Table tennis looks to recapture glory days
Insports sports officer, Godfrey Lothian, is the new president of the Jamaica Table Tennis Association (JTTA), an organisation looking to recapture the glory days of the sport in the country.
Lothian, who replaced the incumbent Joseph Dibbs, was elected at the JTTA bi-annual election at the SDF headquarters on Phoenix Avenue, in Kingston on Saturday, February 23.
His deputy is Ian McMillian a former player and accounting officer at the National Housing Trust.
The Lothian administration is expected to server the JTTA for a period of two years at which time fresh elections will be called.
The full slate of officers elected are: Godfrey Lothian (president), Ian McMillan (first vice-president, Maurice Salky (second vice-president), Coleen Johnson (general secretary),
Mickail Johnson (asst general secretary), Tanya Morgan (treasurer) and Darrington Farquharson (asst treasurer).
Council members are Yvette Miller, Clive Grossett, Stephen Grant, Justin Allen, Dale Parham, Troy Anderson, Simone Anderson, Donald Douglas and Rohan Schloss.
Following the election of the new administration, first vice-president McMillian and council member Grant outlined some of the plans that are geared to sparking new interest in the sport.
"First we would like to see the game played at all levels from the grassroots up. This should begin to regenerate interest in the formations of clubs with the running club leagues, school leagues from the primary to University levels, crch and community leagues that could greatly assist in helping to resurrect the once popular Business House Table Tennis League which has been inactive for the past three or so years." he said.
The plan that the new administration will be working to put in place is a programme that will assist to get table tennis in Jamaica back to its former glory days.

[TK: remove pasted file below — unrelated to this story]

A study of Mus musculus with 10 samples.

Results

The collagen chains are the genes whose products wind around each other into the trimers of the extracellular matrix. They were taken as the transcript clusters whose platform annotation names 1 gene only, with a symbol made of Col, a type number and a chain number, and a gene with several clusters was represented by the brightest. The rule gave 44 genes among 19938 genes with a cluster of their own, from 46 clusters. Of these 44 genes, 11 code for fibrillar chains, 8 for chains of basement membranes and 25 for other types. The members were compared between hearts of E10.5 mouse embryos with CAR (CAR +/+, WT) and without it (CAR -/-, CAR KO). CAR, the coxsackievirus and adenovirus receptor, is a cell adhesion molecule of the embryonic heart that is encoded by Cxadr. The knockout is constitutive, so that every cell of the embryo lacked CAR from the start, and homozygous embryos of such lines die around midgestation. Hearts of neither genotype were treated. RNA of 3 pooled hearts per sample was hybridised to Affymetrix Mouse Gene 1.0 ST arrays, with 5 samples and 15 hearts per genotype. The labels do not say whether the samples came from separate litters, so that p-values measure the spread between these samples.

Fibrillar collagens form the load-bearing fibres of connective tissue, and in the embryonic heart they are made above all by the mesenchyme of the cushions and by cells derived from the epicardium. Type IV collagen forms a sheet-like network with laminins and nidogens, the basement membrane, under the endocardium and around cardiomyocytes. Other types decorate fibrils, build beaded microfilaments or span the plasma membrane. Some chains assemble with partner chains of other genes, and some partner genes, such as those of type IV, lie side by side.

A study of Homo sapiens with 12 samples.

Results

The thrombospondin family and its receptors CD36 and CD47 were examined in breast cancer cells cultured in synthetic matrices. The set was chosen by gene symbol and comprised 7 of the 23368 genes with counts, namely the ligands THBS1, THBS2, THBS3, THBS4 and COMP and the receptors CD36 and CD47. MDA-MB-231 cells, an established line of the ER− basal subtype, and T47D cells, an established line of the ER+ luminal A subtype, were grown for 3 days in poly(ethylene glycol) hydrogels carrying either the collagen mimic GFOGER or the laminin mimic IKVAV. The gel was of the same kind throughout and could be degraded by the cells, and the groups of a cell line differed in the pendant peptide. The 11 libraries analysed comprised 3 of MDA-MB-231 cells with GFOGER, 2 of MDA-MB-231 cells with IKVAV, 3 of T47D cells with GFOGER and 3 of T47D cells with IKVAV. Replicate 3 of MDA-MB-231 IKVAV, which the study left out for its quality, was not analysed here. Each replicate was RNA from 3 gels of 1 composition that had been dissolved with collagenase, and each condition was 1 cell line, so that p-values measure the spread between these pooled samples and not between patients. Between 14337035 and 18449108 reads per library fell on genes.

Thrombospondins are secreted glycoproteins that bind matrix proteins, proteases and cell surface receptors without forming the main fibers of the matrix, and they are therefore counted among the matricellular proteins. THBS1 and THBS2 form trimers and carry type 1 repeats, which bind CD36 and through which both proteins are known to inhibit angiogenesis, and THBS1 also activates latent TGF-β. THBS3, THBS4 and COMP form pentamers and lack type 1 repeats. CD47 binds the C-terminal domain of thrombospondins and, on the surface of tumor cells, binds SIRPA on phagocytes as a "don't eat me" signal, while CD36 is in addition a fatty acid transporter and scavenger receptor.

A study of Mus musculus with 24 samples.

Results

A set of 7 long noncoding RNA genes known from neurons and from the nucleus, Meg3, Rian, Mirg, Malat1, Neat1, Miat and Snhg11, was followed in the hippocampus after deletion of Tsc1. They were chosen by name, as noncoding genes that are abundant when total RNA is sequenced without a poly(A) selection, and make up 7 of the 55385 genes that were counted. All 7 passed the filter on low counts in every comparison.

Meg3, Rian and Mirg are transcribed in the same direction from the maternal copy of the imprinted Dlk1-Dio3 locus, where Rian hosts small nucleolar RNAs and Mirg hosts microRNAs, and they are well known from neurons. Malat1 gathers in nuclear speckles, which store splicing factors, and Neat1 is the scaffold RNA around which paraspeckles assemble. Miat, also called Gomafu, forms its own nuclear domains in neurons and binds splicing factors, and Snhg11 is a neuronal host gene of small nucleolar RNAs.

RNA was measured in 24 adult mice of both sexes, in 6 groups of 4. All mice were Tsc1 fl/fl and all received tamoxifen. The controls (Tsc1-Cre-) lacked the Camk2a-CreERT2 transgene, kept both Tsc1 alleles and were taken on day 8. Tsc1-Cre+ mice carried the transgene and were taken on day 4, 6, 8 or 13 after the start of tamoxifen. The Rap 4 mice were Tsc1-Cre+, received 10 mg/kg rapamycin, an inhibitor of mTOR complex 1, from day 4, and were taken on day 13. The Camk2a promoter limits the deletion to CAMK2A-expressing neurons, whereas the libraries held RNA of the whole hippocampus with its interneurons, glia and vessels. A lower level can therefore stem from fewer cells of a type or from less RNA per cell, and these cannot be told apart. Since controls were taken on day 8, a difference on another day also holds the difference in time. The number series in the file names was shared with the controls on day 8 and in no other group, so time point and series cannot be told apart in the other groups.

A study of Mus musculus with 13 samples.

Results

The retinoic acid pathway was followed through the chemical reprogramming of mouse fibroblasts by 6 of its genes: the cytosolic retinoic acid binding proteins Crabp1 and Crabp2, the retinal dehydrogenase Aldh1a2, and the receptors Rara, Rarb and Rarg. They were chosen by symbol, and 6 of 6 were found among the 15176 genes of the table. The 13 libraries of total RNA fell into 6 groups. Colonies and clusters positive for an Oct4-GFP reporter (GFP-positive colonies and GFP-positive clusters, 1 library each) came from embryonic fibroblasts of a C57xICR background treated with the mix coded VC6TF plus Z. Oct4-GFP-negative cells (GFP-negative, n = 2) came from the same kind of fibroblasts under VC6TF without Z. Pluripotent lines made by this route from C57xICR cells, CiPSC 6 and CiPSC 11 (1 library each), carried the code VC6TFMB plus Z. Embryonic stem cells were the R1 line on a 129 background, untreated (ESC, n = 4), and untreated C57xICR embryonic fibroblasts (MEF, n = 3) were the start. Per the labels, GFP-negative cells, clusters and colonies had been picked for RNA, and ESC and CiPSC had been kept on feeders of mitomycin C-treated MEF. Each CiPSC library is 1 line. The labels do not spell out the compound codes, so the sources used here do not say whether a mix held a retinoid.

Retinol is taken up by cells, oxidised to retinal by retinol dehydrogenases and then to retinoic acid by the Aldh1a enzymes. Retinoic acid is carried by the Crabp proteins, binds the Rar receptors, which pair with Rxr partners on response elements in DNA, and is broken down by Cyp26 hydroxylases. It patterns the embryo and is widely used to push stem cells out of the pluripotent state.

At the heiight of it popularity, local teble tennis produced class players like Orville Haslam, who after learning the rudiments of the game in Jamaica, migrated to England in his early teens and further established himself to be one of the world's premier hitters of the ball.
The six-foot-two inches ball beater was not only the first black player to represent England but he was a formidable attacking strategist with probably the hardest backhand in the world in the game at the time as he played competively at the highest level.
He was considered a better defender than an attacker but was able to blend both aspects of his game with such command that he rose to be ranked at number in the world at one point of his playing career.
The late great Fuarnado Roberts is another world ranked player who honed his craft and skills on the green table locally and rose to become the first Caribbean Table Tennis Championship Singles title holder when the first tournament was held in Trinidad and Tobago in 1958.
"To revive the sport to any level vaguely resembling the past will take much hard work and financing, but this administration is committed to the struggles that lie ahead," Grant added.